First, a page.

Rehearsal Culture in Jazz Department Presents Challenges



Jazz students rehearse in a Kohl Building ensemble room.

Fresh out of two back-to-back rehearsals for a friend’s upcoming junior recital, Conservatory second-year double-degree Jazz Studies majors Martin Kent and Harrison Fink load their instruments into a car and drive to Peters Hall. On the way over, they spitball different songs to play for the gig and agree on a rough setlist after some debate. After an hour of setup and sound checking, they play a few hours of background music for a Purim celebration. For many Jazz students, this represents a typical Monday night.

One has to ask: With an abundance of talent across the Conservatory, why do these extra gigs consistently feature students from the Jazz department? Well, for one, Jazz students share a collective knowledge of tunes, unlike any other musicians in the Conservatory. In the spring of their first and second years at Oberlin, Jazz students have a final exam of sorts called a jury. These juries are the culmination of learning the same 50 jazz standards during their first year and another 43 their second year. The students must have internalized these songs to the point where, when a faculty member calls any one of these standards, students can play the melody and improvise over the chord changes — with or without a supporting band.

Kent has found this shared musical catalog to be essential for playing gigs.

“We all know the repertoire,” Kent said. “Really, at any given moment, we can not only play a tune but alter it and make it our own.”

This shared repertoire, combined with a training in improvisation, makes jazz musicians uniquely equipped to pick up gigs, particularly those with little to no rehearsal time needed. In my experience as a Jazz Studies major, a gig rehearsal usually goes as follows: I receive an email from the Conservatory gig-referral service stating that a local store, restaurant, or College event is seeking live music. After sifting through my contacts for a bassist — they are few and hard to come by this semester — I assemble my group and a “when2meet” is sent out. Sometimes, finding a time when everyone is free to rehearse takes longer than the rehearsal itself. We eventually run through mutually agreed-upon tunes in a Kohl Building ensemble room and we’re ready to perform in an hour or less.

Junior and senior recitals, on the other hand, can require long and frequent rehearsals; students may begin rehearsing well over a month prior to a recital. In this instance, the focus shifts from getting paid or having fun to further developing one’s artistry and musical voice. For first-year double-degree Jazz Drums, Jazz Voice, and Creative Writing major Ruby Laks, a recital is a hard gig to turn down.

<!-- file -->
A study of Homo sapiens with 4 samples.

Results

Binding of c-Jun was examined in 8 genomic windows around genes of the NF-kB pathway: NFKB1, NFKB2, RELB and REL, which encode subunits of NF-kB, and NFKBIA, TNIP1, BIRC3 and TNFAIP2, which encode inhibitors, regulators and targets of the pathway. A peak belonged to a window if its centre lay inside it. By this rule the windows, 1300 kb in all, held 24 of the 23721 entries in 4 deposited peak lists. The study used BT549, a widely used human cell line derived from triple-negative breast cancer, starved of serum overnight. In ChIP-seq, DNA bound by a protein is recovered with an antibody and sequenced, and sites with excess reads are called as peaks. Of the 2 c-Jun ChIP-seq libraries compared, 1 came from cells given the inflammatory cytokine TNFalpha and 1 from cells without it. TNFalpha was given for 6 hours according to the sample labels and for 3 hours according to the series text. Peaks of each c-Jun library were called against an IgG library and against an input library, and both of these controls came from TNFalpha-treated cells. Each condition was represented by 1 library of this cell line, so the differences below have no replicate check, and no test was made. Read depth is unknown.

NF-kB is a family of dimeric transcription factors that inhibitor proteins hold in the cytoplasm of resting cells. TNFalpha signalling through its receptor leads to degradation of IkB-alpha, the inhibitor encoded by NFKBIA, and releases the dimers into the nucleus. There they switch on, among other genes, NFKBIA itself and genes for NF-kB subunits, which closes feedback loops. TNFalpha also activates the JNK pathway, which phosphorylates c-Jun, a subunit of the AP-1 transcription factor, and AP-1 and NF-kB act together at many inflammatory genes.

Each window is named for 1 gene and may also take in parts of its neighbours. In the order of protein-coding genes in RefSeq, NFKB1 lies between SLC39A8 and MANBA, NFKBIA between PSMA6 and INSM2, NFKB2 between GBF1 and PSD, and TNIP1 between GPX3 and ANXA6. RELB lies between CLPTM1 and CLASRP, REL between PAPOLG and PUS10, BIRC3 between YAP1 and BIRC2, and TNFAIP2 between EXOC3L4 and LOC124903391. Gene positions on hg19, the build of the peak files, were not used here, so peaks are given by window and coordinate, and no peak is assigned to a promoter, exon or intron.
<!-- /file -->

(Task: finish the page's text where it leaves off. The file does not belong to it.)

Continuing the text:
“It’s an honor, in a sense, to be asked by a junior or senior to play on their recital,” Laks said. “If they think I can help to achieve their artistic vision, I don’t want to say no.”

Laks has now committed herself to playing on seven of her friends’ recitals, each with their own slew of original compositions and jazz standards, many of which have complex and lengthy arrangements. With one individual song alone in a recital needing an hour-long, weekly rehearsal, Laks easily spends three or four hours a day, every day of the week, rehearsing — not including her registered, for-credit ensemble meetings. That doesn’t even account for the time Laks must spend practicing all these tunes independently. As one can imagine, this rehearsal-heavy lifestyle comes at a cost.

“You’re cutting corners somewhere,” Laks said. “You’re making time by staying up later, which then affects your physical and mental health. … Or you’re spending less time on your schoolwork.”

Another aspect of this rehearsal culture is compensation, or lack thereof, for all the hours of preparation. You’ll never get paid to play on a recital, despite it being the most time-consuming and musically-demanding gig. Ironically, the more casual and impromptu gigs usually result in a paycheck. It seems, though, payment may be seen as more of an added bonus than a requirement for those in the Jazz department.

“As a student, payment isn’t the main incentive for me to take a gig — I’m here to connect with other musicians as much as possible,” third-year College Musical Studies major and jazz bassist Nathaniel Coben said. “Of course, then you’re setting lower standards for yourself as a professional, which we’re all trying to be.”

Overall, Jazz students work tirelessly to create music and connect with the musicians around them. This is a gift for the Oberlin community, and regardless of how much they’re getting paid or the incomprehensible amount of hours spent in the ensemble rooms, you’ll never witness a jazz gig with expressionless faces or low energy, which really speaks to the essence of jazz music as a whole.